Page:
How Complementary Therapies Can Help Ease Psoriatic Arthritis Symptoms

Lifescript.com—April 19, 2013

If you have psoriatic arthritis, certain alternative treatments can help you feel better along with prescription medications. Read on to learn which remedies and lifestyle changes can ease joint pain, swelling and other psoriatic arthritis symptoms...

Miserable with psoriatic arthritis symptoms, such as painful joints, stiffness and swollen fingers and toes?

Although not a substitute for medication, lifestyle changes – such as losing weight, meditating or eating more salmon – can reduce symptoms of psoriatic arthritis, a chronic inflammatory disease that’s related to psoriasis, an autoimmune skin condition.

About 10%-30% of people with psoriasis develop psoriatic arthritis (PA), although some people develop the joint condition without any skin symptoms, according to the National Psoriasis Foundation. 

Read on for 8 alternative treatments and lifestyle changes that may help control symptoms and make you feel better overall. (Be sure to consult your doctor first.)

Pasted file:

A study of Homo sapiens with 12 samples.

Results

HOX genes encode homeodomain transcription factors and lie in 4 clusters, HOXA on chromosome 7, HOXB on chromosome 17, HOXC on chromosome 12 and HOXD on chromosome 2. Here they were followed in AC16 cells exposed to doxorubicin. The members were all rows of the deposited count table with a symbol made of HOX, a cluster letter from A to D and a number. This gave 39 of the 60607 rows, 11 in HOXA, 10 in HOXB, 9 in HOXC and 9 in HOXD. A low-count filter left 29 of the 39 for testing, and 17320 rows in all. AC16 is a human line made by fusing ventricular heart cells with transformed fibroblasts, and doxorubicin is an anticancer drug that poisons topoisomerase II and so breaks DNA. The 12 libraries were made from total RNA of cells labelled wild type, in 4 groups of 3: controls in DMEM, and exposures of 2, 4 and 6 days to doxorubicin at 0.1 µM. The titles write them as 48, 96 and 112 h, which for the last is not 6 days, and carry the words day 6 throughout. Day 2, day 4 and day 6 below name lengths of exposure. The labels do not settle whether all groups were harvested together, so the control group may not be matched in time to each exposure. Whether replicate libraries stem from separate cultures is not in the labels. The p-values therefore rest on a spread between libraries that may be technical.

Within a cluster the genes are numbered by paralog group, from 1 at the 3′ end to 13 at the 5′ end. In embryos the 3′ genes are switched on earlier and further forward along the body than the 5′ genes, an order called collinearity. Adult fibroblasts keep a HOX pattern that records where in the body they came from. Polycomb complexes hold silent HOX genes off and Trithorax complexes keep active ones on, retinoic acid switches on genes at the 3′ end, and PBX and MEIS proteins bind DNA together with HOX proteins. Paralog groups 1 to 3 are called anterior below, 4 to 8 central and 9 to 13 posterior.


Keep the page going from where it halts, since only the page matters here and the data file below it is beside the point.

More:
Alternative treatment for psoriatic arthritis #3: Fish oil
In several studies of people with rheumatoid arthritis (a similar form of inflammatory arthritis), those taking fish oil supplements had fewer tender joints and required lower doses of nonsteroidal anti-inflammatory medications or inflammation-lowering corticosteroids, according to the Arthritis Foundation.

The optimal dose is 400 milligrams of omega-3s daily – about 3.5 ounces of fatty salmon a week, the researchers found. Next steps: Eat more cold-water fish: “It’s best to get fish oil by eating fatty fish like salmon several times a week,” says Deborah McInerney, R.D., a nutritionist at Hospital for Special Surgery in New York.

Or swallow fish-oil supplements daily. But talk to your doctor before taking it or any supplement.

“Fish oil can interfere with blood clotting and may cause stomach upset,” McInerney warns.

Flaxseed is another good source of omega-3 fatty acids. Sprinkle ground flaxseeds, which is easier to digest than whole, on cereal and salads, she suggests.

This story originally appeared at lifescript.com.